The End of Education

The End of Education

Redefining the Value of School

Book - 1995
A critical analysis of American education states that poor motivational techniques and a lack of focus are at the core of most problems and offers four methods that can be implemented to promote education reform

Book News
Well known social critic Postman begins by describing how schools early in the century sought to forge a coherent and unified culture from the diverse traditions, languages, and religions in the US. He then contrasts today's goals of economic utility, consumership, mechanical solutions, and separatist multiculturalism. Not surprisingly, he has some suggestions. He offers narratives for redefining education: preserving the earth, acknowledging the imperfection of knowledge, America as an experiment rather than success or failure, the strengths and weaknesses of all cultures, and the primary importance of communication. Annotation copyright Book News, Inc. Portland, Or.

Blackwell North Amer
In this brilliantly challenging response to the education crisis, Neil Postman returns to the subject that established his reputation as one of our most insightful social critics. Starting from his belief that schooling is now too often a trivial pursuit, a mechanical exercise, he argues with stunning clarity that we have lost sight of the inherent value and substance of learning, and sets out to restore it for our time.
Postman begins by portraying the American education of an earlier part of this century, when we knew what schools were for - to create a coherent, stable, unified culture out of a people of diverse traditions, languages, and religions.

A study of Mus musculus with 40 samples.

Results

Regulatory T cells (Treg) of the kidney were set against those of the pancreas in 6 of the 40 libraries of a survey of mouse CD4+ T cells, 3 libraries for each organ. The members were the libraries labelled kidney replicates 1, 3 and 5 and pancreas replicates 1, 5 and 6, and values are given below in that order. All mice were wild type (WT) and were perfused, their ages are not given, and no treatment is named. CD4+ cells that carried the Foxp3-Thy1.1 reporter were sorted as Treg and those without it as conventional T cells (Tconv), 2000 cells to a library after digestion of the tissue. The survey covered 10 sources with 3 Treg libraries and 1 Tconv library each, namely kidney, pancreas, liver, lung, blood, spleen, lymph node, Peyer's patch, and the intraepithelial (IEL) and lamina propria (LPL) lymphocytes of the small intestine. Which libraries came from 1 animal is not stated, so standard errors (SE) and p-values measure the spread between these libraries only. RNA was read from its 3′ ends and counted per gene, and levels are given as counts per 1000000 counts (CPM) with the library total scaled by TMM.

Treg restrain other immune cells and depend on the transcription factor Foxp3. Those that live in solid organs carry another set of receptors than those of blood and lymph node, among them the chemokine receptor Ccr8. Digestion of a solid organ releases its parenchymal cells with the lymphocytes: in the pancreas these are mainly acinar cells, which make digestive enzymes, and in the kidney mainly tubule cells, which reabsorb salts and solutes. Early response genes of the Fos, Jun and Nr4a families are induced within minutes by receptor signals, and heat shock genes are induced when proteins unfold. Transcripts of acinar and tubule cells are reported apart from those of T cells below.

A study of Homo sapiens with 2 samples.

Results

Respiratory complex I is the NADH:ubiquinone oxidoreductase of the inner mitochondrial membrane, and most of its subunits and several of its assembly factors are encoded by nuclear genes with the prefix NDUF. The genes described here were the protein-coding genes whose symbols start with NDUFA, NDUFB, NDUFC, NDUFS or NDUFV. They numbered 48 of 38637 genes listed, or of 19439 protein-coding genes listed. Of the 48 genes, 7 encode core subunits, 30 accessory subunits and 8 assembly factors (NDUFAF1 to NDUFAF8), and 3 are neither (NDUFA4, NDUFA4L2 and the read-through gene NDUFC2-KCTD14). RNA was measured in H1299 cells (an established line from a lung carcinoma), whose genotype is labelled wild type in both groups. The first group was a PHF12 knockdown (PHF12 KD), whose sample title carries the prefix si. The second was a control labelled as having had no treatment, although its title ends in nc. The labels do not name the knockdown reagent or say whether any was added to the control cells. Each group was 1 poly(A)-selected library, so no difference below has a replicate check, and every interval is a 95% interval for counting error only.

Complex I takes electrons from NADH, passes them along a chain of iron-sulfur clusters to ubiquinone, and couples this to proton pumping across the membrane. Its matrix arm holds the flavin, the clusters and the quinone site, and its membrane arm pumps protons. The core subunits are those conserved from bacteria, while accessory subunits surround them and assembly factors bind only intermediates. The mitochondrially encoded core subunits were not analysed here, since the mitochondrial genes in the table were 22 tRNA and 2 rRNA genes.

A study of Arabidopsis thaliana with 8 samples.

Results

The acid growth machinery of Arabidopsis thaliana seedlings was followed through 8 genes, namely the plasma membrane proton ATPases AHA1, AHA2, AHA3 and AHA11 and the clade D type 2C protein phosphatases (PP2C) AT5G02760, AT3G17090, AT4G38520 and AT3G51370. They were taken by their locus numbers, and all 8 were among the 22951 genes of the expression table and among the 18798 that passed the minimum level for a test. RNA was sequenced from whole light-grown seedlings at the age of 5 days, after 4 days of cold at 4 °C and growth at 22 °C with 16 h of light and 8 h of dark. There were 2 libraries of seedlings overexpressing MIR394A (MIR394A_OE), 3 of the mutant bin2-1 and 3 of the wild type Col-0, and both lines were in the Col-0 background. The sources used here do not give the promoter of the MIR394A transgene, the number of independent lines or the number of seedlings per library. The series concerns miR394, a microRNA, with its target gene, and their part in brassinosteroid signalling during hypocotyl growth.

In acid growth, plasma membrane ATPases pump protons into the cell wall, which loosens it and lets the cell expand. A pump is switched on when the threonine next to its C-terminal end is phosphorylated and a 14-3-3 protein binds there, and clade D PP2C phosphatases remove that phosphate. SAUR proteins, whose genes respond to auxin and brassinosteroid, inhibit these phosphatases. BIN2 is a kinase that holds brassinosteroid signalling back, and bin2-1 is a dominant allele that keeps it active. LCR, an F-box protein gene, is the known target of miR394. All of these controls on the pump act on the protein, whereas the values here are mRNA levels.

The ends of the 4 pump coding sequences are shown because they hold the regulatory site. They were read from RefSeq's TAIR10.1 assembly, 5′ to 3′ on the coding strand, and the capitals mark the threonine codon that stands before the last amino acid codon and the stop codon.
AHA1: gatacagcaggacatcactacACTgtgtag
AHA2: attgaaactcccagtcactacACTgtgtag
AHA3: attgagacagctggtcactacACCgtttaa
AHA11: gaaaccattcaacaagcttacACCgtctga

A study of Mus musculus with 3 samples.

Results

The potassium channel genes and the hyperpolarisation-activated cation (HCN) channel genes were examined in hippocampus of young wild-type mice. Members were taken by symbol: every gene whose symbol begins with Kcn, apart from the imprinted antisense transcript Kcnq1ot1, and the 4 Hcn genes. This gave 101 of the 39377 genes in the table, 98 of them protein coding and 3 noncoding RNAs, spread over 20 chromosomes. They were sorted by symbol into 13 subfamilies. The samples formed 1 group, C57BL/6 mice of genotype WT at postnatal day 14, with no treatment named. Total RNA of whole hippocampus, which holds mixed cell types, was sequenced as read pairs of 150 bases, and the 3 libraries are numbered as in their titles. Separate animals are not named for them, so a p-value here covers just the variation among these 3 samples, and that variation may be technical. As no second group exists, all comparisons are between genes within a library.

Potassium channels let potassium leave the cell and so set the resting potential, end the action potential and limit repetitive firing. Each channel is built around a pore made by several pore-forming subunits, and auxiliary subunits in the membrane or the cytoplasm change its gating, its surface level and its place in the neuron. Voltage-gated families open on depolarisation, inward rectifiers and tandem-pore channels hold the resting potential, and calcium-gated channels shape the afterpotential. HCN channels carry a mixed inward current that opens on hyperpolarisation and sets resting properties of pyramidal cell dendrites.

Shifting his focus to contemporary education, Postman outlines the markedly different narratives, or "gods," that underlie our present conception of school, and shows how poorly they serve us. The new gods are economic utility (education only as a means to a good-paying job), consumership (the belief that you are what you accumulate), technology (a reliance on mechanical solutions, not critical judgment), and separatism ("multicultural" instincts that split groups off from a unifying cultural pluralism).
In describing how education may reasonably and creatively respond to - or redefine - these problems of modernity, the author presents useful narratives to help schools recover a sense of purpose, tolerance, and respect for learning. These include the Spaceship Earth (preserving the earth as a unifying theme), the Fallen Angel (learning driven not by absolute answers but by an understanding that our knowledge is imperfect), the American Experiment (emphasizing the successes and the failures of our evolving nation), the Law of Diversity (exposure to all cultures in their strengths and their weaknesses), and Word Weavers (the fundamental importance of language in forging our common humanity).
Postman's The End of Education heralds a new beginning. It seeks to provide solutions while provoking debate. Postman offers a redefinition of the end of education - the essential first step before we rethink and freshly determine the means.

Baker
& Taylor

A critical analysis of American education states that poor motivational techniques and a lack of focus are at the core of most problems and offers four methods that can be implemented to promote education reform. 25,000 first printing. Tour.

Publisher: New York : Knopf, 1995.
Edition: 1st ed.
ISBN: 9780679430063
0679430067
Branch Call Number: 370.973 POS
Characteristics: xi, 209 p. ; 22 cm.

Jan 29, 2013

It spends too much time dwelling on the concept of god and religion and not enough on education. It is the kind of book whose contents you expect to be spurted at homeschoolers from crazed backwoods zealots. All talk with nothing substantial to say. Very disappointing read.